RE: On Tillich

From: Rich Blinne (
Date: Tue May 27 2003 - 13:50:29 EDT

    > From: []On
    > Behalf Of John W Burgeson
    > Sent: Tuesday, May 27, 2003 8:57 AM
    > To:
    > Cc:
    > Subject: Re: On Tillich

    > But the history of religion makes it clear this is not how it works. To
    > expect to have faith before embarking on the disciplines of the spiritual
    > life is like putting the cart before the horse. ...
    > Indeed, it is only since the Enlightenment that faith has been defined as
    > intellectual submission to a creed.

    That is not historically correct. Note the following from Anselm's Cur Deus
    Homo (Why the God-man?):

    "As the right order requires us to believe the deep things of Christian
    faith [profunda Christianae fidei] before we undertake to discuss them by
    reason; so to my mind it appears a neglect if, after we are established in
    the faith, we do not seek to understand what we believe. Therefore, since I
    thus consider myself to hold the faith of our redemption, by the prevenient
    grace of God, so that, even were I unable in any way to understand what I
    believe, still nothing could shake my constancy; I desire that you I should
    discover to me, what, as you know, many besides myself ask, for what
    necessity and cause God, who is omnipotent, should have assumed the
    littleness and weakness of human nature for the sake of its renewal?"

    Belief here was the belief in the doctrine of the necessity of the
    incarnartion and thus is an intellectual submission to a creed. So, it is
    an historical error to say that faith as defined as intellectual submission
    to a creed did not exist prior to the Enlightenment. For Anselm, faith was
    prior to reason: credo ut intelligam(I believe that I might understand).
    For the Scholastics that followed Anselm it was the the other way around:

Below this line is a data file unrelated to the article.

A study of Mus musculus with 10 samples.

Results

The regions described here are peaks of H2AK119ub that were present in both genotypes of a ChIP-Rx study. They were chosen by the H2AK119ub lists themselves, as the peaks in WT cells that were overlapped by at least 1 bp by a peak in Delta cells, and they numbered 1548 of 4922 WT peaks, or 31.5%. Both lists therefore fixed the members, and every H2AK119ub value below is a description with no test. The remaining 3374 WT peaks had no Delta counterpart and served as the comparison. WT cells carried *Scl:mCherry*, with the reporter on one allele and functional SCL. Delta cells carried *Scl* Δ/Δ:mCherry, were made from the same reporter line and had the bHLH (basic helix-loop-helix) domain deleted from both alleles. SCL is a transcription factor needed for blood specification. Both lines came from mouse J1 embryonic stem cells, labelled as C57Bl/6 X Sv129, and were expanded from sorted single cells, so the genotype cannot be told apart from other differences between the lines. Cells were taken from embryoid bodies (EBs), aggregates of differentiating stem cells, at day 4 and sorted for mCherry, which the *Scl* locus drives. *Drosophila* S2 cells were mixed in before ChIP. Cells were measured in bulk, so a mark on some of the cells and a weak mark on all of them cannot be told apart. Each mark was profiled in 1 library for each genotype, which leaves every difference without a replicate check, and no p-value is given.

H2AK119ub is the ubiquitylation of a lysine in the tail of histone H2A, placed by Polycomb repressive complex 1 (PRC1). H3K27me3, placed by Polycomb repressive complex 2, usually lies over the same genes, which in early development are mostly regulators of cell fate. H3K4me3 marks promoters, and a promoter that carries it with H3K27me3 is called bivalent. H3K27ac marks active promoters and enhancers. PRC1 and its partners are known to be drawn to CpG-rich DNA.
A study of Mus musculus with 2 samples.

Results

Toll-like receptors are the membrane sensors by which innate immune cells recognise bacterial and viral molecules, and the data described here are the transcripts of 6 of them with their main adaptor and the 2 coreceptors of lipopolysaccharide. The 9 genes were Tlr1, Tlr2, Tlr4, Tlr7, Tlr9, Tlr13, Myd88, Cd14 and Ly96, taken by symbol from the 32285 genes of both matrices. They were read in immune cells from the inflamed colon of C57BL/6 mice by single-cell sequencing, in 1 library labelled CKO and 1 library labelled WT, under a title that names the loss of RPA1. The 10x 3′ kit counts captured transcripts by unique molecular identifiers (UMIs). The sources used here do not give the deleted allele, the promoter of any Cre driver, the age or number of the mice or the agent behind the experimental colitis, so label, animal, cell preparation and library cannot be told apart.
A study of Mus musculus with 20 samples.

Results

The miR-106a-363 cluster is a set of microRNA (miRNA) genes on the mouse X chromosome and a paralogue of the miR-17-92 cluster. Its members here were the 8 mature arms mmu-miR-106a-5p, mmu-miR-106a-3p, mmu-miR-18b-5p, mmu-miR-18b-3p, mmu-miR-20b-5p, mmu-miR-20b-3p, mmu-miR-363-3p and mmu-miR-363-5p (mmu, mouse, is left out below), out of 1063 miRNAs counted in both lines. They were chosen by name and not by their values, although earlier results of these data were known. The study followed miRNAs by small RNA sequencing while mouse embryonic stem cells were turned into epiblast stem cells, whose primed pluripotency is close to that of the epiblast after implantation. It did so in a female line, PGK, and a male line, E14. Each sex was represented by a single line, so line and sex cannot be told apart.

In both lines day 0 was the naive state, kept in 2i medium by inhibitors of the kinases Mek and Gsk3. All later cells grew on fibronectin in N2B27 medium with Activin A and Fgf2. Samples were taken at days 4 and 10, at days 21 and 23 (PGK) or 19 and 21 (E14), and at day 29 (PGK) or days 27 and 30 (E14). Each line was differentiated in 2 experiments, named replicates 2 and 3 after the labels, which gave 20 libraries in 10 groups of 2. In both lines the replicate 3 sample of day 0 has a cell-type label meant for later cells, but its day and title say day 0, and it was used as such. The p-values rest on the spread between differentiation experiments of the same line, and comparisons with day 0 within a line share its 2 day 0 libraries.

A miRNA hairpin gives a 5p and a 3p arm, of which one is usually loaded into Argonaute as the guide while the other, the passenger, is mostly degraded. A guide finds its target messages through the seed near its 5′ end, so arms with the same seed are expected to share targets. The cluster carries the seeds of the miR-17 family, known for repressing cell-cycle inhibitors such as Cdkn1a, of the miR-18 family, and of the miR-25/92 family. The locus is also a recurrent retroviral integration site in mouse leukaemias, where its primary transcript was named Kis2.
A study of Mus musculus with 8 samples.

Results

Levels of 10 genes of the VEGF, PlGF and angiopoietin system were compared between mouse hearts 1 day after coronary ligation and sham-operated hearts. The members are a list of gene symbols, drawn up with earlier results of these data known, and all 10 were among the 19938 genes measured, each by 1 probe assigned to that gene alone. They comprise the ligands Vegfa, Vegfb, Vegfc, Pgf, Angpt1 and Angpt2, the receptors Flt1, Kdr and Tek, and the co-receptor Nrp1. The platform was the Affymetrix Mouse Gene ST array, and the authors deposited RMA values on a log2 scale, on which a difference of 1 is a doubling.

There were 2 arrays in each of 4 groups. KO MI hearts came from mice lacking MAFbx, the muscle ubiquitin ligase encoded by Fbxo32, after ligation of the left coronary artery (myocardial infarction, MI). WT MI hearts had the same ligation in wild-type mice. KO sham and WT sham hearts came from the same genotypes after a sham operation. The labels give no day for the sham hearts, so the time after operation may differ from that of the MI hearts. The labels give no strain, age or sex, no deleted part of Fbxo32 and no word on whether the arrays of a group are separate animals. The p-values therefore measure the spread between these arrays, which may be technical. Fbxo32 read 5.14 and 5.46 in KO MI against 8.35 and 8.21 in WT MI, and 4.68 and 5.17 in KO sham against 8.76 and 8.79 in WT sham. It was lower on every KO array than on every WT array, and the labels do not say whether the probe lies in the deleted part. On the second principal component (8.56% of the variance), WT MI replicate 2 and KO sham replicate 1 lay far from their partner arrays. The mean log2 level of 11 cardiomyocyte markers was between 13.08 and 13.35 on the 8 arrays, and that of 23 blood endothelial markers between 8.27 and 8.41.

Intelligo ut credam (I understand that I might believe).

    Personally, I think it is a mistake to *absolutely* ground faith or reason
    in the other. It is more of a spiral where faith and reason feed each
    other. Note Jesus' answer to the request, "I believe, help my unbelief."
    [Mark 9:24] Jesus' answer to the request was the miracle of driving out the
    demons out of the father's son. He provided evidence which strengthened the
    father's belief. So, the order here was faith->reason->more faith.

    Even taking what I think is your definition that faith is exclusively
    believing IN and not believing THAT you still need to have some sort of
    modus vivendi between faith and reason. If you trust someone as trustworthy
    there must be some evidence that the person is worthy of your trust. Having
    trusted someone and then experiencing that the trust is well placed
    increases your reasons for trusting. Thus, you believe THAT the person is
    trustworthy. So, even starting with a "believing in" definition of faith it
    is unavoidable to have some "believing that" faith, also. While we may
    distinguish notional and fiducial faith, they should not be separated. The
    same with faith and reason. Let no man rend what God has joined together.